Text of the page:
Towards a definition of the network party

Graphs of networks: traditional parties and the 15M movement
Traditional parties and the 15M movement according to Aragón et al. (2013) and Toret (2013), respectively.

Network Society sociologist Manuel Castells has often in his work talked about the concept of the network enterprise. Despite he does not actually provide a formal characterization of what a network enterprise is — or I failed to find one — the concept is very appealing. And is not only appealing when confronting it with aa Taylorist/Fordist model vs. a Kanban/Toyotist model, but because it is an open enough concept (its strength, its weakness) to translate it into other contexts. For instance, politics: is there something like a network party? Are many or some of the new movements that we are witnessing — the Arab Spring, the Spanish indignados, Occupy Wall Street, YoSoy132 — actually more than movements? Are some of the evolutions of these movements — in the case of Spain, Partido X, Podemos, Guanyem — not traditional parties but… network parties?

The network enterprise

Castells, in The Rise of the Network Society, defines the network enterprise as that specific form of enterprise whose system of means is constituted by the intersection of autonomous systems of goals. This idea of autonomy is essential as, on the one hand, it is one of the consequences of the detachment of the physical constraints once information and communications are digitized and, on the other hand, one of the main causes of the changes in institutions that we will increasingly be witnessing.

This autonomy enables a network made of firms or segments of firms, or from internal segmentation of firms that now have the project at their core. Projects, not assembly lines, are the operational units around which all actors and resources spin. The project is an independent partnership which can be accountable for its successes and failures, which has its own structure and its own developments.

And yes, projects can interact, leading to corporate strategic alliances and inter-firm networking, but always on the basis of horizontal cooperation. Thus, we leave behind industrialism to embrace informationalism, and we leave behind mass production to embrace flexible production.

Later, in Materials for an exploratory theory of the network society, Castells emphasises that the network enterprise is not about a network of enterprises, but about internal decentralization and partnerships with other firms having as a link, as a connector the project. Through this link, information flows: sharing information is the basis of co-operation. And when the exchange of information is no more needed, the project is dismantled and alliances are over… for that project.

Although not exactly related with the network enterprise, Castells partly depicts the impact of this change in the ways of production in society. In Local and Global: Cities in the Network Societyy, the author speculates on changes to the work-living arrangements which may be coming back to prior-industrial era times, transforming industrial spaces into informational production sites, in ways similar to how craftsmen shared knowledge and expertise.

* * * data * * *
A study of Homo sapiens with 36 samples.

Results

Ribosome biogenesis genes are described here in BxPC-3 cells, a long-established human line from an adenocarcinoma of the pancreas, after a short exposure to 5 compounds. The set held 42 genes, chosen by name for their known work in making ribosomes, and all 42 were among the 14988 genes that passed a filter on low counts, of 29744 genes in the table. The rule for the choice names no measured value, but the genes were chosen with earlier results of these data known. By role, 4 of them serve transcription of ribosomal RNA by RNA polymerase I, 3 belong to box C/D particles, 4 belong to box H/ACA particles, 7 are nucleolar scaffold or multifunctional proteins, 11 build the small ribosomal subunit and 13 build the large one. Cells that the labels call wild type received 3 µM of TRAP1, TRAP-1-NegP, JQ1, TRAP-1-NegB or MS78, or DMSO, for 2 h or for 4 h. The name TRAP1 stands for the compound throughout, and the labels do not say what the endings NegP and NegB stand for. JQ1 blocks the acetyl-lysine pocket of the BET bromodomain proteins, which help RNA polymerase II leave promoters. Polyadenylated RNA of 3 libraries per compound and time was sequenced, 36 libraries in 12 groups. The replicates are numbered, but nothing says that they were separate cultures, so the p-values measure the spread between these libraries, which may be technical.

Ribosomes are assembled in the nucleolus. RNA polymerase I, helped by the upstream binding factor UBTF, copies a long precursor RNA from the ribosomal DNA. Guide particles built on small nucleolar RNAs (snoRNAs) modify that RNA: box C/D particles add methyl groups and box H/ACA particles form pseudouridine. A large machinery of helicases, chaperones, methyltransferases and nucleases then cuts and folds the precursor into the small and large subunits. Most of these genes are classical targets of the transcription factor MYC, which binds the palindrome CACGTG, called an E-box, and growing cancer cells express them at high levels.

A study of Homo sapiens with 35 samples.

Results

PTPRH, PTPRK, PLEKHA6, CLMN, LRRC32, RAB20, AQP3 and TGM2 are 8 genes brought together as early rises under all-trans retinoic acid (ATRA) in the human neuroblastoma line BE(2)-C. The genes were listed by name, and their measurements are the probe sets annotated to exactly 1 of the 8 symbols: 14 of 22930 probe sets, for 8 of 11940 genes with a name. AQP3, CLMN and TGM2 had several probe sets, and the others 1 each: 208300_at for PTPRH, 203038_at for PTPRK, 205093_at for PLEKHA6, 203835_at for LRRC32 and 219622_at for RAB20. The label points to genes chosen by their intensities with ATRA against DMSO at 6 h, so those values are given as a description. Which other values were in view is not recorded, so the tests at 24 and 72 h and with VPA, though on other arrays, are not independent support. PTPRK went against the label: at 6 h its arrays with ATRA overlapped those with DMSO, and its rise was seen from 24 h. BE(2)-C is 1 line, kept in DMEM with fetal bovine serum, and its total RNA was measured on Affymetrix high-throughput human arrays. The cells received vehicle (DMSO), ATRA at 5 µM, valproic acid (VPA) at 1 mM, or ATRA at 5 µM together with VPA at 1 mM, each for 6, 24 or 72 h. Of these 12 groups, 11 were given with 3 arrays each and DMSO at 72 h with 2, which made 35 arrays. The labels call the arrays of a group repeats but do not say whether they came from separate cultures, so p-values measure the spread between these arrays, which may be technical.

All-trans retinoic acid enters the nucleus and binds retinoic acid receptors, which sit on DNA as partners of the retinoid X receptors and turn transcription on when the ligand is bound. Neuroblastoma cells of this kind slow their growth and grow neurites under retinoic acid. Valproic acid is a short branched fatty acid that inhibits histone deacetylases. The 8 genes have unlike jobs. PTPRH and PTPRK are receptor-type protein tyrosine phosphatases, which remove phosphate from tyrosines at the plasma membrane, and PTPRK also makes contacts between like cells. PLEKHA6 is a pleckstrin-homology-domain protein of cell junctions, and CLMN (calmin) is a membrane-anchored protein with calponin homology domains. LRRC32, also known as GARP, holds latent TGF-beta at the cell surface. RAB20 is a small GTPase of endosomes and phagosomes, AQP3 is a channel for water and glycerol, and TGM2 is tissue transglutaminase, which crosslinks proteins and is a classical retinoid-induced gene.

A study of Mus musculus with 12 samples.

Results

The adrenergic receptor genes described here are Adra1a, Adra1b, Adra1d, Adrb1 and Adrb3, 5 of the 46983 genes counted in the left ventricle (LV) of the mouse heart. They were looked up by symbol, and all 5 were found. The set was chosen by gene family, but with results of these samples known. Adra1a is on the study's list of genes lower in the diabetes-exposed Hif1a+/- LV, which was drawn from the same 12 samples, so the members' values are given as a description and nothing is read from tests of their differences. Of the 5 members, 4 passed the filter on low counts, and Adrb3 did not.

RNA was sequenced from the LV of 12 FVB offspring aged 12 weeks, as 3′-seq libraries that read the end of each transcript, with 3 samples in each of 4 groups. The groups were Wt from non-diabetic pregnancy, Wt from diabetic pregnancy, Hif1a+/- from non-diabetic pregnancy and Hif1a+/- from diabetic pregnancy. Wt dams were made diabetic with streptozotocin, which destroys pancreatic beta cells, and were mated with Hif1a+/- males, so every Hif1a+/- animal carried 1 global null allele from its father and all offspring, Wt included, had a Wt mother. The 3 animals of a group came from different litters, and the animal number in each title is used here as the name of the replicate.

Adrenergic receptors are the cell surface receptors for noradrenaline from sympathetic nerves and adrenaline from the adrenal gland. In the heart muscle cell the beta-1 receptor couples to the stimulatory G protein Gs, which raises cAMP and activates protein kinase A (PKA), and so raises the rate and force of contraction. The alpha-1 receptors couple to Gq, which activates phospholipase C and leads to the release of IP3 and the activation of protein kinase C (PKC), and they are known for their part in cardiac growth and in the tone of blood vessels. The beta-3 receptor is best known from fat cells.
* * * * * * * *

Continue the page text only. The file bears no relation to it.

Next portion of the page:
The network party

So, can we translate these reflections into the political party arena?

I believe most of the aforementioned points can be put side by side in a comparison between traditional parties and (a mostly theoretical approach to) network parties:

Traditional party Network party

Network of (subsidiary) branches.

Network of cells, franchises.

Internal hierarchy.

Internal independence.

Internal centralization.

Internal decentralization.

Information is kept secret, even to insiders.

Co-operation based on sharing information, especially with outsiders.

The unit of production is the programme.

The unit of production is the project.

Hierachic system of procedures.

Autonomous system of goals.



Total planning.

Open social innovation.


  • Management-worker submission.
  • Especialized labor.
  • Message control.
  • Iincrease control.


  • Management-worker cooperation.
  • Multifunctional labor.
  • Quality control.
  • Reduce uncertainty.

Mass production.

Flexible production.

Inter-firm chain of command.

Inter-firm networking.

Corporate competition.

Corporate strategic alliance.

Vertical cooperation.

Horizontal cooperation.

Party is your life/job.

Work-living arrangements, casual participation.

How to more thoroughly characterize the network party, and, most important, how to identify what parties and to what degree they share these characteristics is a work that surely needs being done. Especially to test whether any of this is actually true, or if it actually works. But, at least, I believe there is some pattern that strives to match this model.


If you need to cite this article in a formal way (i.e. for bibliographical purposes) I dare suggest:

Peña-López, I. (2015) “Towards a definition of the network party” In ICTlogy, #136, January 2015. Barcelona: ICTlogy.

  1. Ismael, there is a pattern to match this model. I especially like the Fordism and Toyotism model. Open social innovation should be a model we strive towards.Great work, like the title.